Founded by Berry Gordy Jr. in January of 1959, the Motown record company forever changed the history of African American music. Within just a few years of its establishment, this Detroit-based company had more hits than any other record company of that time. With its soulful music, Motown attracted millions of fans, including Nigerian Tunde Folawiyo. Blending passionate vocalists, African-American church tradition, pop music sounds and jazz influences, Motown – the term homage to its home of Detroit, the “Motor City” – became instantly recognised as “The Sound of Young America”.
Derived from a chance meeting with singing group the Miracles in 1958, Berry Gordy Jr.’s partnership with William “Smokey” Robinson paved the way for the creation of Motown Music. Gordy Jr. taught Smokey Robinson the art of songwriting and with this began Robinson’s career as a prolific composer. Robinson went on to produce consistent hits from hugely popular acts such as Marvin Gaye, the Temptations and the Supremes. Stevie Wonder, a then 11-year-old blind singer and multi-instrumentalist, was signed to Motown in 1961 and two years later had his first hit, “Fingertips Pt. 2”. Wonder’s album “The 12 Year Old Genius” was widely received and became the record label’s first No. 1 LP, skyrocketing the company further into the national spotlight. As a testament to the company’s success, between 1961 and 1971, 28 Motown singles topped the Pop charts with the Temptations’ “Cloud Nine” earning Motown its first Grammy® Award in 1969.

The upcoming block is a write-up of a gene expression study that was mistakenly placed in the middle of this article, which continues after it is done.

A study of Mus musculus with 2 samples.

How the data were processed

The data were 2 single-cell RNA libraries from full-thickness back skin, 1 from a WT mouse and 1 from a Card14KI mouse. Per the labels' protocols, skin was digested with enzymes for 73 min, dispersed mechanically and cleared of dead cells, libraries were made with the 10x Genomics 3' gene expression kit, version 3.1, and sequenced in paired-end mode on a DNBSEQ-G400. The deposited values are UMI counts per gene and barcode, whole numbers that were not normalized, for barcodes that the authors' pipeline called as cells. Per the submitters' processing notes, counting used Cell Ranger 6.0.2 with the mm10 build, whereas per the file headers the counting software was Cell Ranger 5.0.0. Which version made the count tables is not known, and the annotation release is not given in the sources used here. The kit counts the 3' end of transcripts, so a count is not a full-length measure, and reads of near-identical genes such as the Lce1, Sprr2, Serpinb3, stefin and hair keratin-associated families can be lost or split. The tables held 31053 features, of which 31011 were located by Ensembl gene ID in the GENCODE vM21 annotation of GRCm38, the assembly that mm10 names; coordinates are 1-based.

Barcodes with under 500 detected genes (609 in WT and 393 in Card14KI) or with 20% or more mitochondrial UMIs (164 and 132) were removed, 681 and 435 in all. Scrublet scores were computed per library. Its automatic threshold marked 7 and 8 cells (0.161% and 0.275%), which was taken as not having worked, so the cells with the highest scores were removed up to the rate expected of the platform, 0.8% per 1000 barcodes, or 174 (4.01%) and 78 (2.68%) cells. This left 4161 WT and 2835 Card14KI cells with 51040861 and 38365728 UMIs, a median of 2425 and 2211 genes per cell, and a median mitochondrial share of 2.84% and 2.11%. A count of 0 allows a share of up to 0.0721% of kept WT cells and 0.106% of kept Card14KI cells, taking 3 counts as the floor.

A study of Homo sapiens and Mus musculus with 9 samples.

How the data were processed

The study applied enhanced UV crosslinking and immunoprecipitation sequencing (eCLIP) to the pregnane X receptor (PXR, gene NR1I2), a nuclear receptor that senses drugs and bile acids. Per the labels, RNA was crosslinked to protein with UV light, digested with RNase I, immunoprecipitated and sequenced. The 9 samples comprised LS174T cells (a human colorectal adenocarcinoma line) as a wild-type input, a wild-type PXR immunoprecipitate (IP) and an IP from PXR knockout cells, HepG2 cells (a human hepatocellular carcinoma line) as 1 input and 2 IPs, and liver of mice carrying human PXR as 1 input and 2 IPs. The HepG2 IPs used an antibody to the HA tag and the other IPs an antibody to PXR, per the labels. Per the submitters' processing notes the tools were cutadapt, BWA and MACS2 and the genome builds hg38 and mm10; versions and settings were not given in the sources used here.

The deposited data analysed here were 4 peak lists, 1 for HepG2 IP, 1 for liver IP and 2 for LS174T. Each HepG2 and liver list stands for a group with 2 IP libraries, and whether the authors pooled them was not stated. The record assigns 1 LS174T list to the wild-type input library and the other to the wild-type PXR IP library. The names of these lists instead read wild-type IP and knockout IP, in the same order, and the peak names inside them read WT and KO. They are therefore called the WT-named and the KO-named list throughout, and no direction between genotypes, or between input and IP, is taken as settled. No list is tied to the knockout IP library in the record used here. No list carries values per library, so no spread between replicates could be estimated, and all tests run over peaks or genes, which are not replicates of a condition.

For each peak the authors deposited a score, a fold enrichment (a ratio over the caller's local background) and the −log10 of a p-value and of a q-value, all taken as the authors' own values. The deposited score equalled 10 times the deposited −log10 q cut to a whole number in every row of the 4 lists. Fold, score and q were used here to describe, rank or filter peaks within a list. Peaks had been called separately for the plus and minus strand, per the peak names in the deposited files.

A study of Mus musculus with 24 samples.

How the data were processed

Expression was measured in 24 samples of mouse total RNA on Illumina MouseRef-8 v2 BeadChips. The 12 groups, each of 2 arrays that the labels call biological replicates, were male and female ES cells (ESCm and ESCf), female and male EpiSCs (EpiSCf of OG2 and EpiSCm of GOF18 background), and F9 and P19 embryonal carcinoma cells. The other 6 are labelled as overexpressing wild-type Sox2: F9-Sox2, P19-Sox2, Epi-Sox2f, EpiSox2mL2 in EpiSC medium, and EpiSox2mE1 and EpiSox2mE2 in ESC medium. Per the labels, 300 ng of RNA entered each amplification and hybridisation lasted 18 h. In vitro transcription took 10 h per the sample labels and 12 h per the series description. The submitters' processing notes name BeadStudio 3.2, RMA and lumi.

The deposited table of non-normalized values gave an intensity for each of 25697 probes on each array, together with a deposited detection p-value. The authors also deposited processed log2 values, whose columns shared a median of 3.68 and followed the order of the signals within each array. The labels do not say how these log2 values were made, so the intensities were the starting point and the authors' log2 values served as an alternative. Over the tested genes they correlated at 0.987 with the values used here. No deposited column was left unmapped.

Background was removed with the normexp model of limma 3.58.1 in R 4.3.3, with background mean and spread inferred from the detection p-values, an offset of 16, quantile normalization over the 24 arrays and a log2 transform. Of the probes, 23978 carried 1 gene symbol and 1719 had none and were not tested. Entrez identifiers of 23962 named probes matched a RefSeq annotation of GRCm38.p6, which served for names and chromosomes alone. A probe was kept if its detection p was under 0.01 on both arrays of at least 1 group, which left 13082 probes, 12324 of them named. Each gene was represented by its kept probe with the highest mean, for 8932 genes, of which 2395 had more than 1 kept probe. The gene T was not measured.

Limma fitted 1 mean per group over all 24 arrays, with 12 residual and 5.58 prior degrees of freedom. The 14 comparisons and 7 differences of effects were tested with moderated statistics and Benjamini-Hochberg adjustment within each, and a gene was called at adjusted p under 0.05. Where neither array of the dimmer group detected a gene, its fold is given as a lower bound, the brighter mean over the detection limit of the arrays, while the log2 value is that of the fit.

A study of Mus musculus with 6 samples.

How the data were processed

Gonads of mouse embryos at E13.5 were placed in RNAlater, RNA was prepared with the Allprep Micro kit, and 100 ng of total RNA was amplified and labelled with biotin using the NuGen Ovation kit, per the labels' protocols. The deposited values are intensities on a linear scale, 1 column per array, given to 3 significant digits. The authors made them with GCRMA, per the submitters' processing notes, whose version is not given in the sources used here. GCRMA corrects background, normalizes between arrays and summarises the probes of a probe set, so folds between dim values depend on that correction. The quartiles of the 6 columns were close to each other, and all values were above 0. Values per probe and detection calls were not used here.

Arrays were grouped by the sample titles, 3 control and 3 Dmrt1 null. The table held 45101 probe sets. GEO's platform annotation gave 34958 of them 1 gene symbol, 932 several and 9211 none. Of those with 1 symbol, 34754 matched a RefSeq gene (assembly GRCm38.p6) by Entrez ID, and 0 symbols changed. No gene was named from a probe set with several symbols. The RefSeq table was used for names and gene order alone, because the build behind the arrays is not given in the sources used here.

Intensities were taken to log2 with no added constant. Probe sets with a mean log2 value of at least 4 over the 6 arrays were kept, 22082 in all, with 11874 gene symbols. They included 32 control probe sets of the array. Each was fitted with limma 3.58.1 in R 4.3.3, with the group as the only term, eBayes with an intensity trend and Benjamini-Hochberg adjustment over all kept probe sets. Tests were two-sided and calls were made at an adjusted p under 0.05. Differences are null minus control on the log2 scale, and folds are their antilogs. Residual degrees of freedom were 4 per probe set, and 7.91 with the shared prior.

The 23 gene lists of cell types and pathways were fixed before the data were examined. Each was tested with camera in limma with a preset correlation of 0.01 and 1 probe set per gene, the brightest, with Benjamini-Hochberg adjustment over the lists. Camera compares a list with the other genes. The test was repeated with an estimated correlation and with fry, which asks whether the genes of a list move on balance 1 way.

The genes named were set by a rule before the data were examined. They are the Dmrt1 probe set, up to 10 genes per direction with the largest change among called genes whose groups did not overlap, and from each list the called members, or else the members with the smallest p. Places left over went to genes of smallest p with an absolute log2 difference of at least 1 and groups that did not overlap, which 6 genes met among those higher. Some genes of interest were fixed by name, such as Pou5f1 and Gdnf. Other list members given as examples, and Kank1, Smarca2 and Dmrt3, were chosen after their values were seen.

As its second decade began, Motown relocated its headquarters to Los Angeles in 1972 in order to work more closely with the entertainment industry. The ’70s saw further success for Motown as popular artists such Marvin Gaye, Diana Ross and Stevie Wonder continued to dominate the charts, collectively bringing in millions of revenue.
After decades of renowned success and a major role as a revolutionary of African American music, Gordy sold Motown Records to MCA and Boston Partners in 1988, ending Motown’s era as an independent company. In 1994, Motown was purchased by PolyGram and four years later PolyGram was acquired by Seagram’s who transitioned Motown into the newly created Universal Music Group. Since then, the company has released chart-topping music by popular artists like Boys II Men, Brian McKnight and India Arie. Motown’s rich history paved the way for far more than heartfelt music. The popularity of the label’s artists served as a great tool in dealing with the racial barriers that plagued the nation during that time of American history. With its popularity and deep-rooted triumph, Motown continues to inspire millions of fans including Tunde Folawiyo, who are forever impacted by the soulful music Motown produced.